3. New Technologies and Art

(four paragraphs)

CL: What do you mean by technology that is "more significant than just computers"?
SLAYTON: We understand computers, how they work and what they can do now. But I think artists playing with genetics, with nano-technology, robotics, artificial life -- all computer things -- I would like to stimulate artists to get engaged with the evolution of these technologies early on. These new fields have blossomed in the last ten years because of computer technology, and have opened up all kinds of possibilities.

These new areas of scientific investigation are being invented as we speak, and my concern is that artists have an opportunity to play a role in that evolution. They shouldn't come to it late as they did with computers -- after big business, the military and the government had already thoroughly entrenched themselves. Artists can assist and influence the direction of the applications to which these technologies are dedicated. They can also keep a check on them, from a humanist vantage point: what are these new fields about, how are they going to impact us as individuals, as a society... To ask how artists might approach genetic engineering has no clear answer, we don't know. But it seems very important that they ought to be engaged in the investigation regardless.

CL: The idea that an artist could work with genetics seems outrageous because industry wants to keep it under their control?
SLAYTON:It's hard to know what industry wants to do other than make money, but producing art is as important as producing good science. The two ought to happen in tandem, and inform one another. We're at a unique point in history, poised at this threshold where all these new manifestations of technology are about to confront us, and we have to ask some very serious questions about how we want to deploy them, what they're good for and whether there are harmful implications. Artists need to be making work about that as well as work of that. I hope CADRE moves towards these concerns, like how to make artificial life, instead of teaching people how to draw pictures on computers.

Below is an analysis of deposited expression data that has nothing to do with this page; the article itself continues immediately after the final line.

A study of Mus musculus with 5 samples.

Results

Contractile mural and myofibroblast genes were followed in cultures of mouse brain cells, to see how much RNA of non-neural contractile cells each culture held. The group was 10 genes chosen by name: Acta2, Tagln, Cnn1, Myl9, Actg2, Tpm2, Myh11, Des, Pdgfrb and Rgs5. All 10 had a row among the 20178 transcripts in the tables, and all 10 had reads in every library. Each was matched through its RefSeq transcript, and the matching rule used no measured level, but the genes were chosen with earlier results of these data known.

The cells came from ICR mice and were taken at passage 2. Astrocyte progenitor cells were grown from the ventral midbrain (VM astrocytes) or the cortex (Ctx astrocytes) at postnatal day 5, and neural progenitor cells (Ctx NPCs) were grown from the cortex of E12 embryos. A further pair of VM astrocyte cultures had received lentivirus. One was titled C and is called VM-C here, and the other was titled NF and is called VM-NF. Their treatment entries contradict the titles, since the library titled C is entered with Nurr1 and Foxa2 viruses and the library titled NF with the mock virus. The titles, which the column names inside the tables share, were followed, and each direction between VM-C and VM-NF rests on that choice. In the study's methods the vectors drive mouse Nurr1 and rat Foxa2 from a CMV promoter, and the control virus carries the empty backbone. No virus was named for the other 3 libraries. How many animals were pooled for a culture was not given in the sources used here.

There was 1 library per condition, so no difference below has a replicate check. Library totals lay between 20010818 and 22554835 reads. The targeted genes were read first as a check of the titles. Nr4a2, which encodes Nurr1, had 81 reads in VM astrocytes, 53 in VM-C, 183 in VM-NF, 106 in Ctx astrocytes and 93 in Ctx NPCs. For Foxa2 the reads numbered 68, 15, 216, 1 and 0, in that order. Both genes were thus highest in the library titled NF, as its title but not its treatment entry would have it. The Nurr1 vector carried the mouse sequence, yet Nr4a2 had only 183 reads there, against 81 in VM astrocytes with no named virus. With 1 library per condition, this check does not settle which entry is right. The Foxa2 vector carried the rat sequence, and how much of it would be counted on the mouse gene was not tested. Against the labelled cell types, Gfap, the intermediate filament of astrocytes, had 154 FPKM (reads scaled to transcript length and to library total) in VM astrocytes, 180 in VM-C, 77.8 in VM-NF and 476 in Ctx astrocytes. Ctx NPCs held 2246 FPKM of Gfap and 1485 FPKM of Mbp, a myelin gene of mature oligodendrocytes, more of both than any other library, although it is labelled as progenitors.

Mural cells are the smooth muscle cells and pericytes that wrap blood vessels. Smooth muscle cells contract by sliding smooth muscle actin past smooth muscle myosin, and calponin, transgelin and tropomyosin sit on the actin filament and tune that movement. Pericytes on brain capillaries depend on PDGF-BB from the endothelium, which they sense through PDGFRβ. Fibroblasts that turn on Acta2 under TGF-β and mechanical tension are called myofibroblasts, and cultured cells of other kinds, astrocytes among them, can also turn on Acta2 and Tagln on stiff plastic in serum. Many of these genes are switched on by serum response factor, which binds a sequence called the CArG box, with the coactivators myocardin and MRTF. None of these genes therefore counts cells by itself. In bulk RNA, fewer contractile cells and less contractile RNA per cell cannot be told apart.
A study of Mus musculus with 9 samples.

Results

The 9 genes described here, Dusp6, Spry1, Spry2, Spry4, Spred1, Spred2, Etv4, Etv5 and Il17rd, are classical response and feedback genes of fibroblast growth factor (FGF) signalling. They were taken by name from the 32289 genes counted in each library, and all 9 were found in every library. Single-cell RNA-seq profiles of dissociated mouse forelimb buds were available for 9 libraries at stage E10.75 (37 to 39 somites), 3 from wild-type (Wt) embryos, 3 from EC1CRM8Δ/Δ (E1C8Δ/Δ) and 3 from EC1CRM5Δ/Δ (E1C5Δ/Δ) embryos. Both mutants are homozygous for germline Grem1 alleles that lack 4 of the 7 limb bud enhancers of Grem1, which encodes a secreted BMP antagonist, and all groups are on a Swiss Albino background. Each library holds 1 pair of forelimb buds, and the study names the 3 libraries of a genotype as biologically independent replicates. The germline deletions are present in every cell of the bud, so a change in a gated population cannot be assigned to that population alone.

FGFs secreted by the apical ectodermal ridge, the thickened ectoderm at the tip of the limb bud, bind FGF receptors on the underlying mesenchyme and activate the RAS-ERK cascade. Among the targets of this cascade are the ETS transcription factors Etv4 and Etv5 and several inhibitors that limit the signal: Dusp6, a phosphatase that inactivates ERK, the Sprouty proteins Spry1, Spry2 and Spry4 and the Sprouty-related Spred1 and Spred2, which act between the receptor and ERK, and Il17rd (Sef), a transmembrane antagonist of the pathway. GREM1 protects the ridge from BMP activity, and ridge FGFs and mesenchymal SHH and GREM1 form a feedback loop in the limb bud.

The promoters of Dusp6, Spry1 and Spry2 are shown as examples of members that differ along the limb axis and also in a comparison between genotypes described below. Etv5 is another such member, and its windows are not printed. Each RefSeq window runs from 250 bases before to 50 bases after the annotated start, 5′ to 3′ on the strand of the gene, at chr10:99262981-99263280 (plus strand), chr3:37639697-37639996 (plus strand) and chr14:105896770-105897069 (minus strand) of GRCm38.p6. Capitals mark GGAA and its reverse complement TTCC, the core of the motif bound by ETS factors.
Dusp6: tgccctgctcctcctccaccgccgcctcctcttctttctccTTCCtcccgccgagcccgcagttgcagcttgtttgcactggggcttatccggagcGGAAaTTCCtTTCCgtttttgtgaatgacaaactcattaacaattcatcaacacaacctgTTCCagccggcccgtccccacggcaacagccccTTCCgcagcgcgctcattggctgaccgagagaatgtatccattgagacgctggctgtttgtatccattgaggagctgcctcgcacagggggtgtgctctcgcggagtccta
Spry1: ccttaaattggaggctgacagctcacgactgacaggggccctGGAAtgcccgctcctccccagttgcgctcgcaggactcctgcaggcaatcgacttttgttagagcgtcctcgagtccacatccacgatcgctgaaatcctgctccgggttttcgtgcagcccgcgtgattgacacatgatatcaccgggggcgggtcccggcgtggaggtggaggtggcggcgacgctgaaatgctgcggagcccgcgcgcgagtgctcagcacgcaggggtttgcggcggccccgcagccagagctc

CL: What's nano-technology?
SLAYTON: Molecular-sized machines... like for cryonic suspension, for thawing frozen bodies out, you set these little machines loose to go in and repair damaged tissue. It's not just an idea, they've been working pretty desperately on dealing with frostbite and have made significant progress. Other practical uses would be to have these little molecular gadgets gobble up an oil spill, digest it and release a non-toxic by-product. Or you could inject them into your bloodstream to clean up your arteries, or use toothpaste that know your teeth. The idea behind nano-technology is that you have a bunch of minute machines that can work together to build other more complex machines.

CL: Is it possible to explore these new areas at CADRE? Won't that mean that the program will grow in unpredictable ways?
SLAYTON: I think it will grow relative to the direction that the culture takes, and the direction that technology takes, and that's not entirely unpredictable.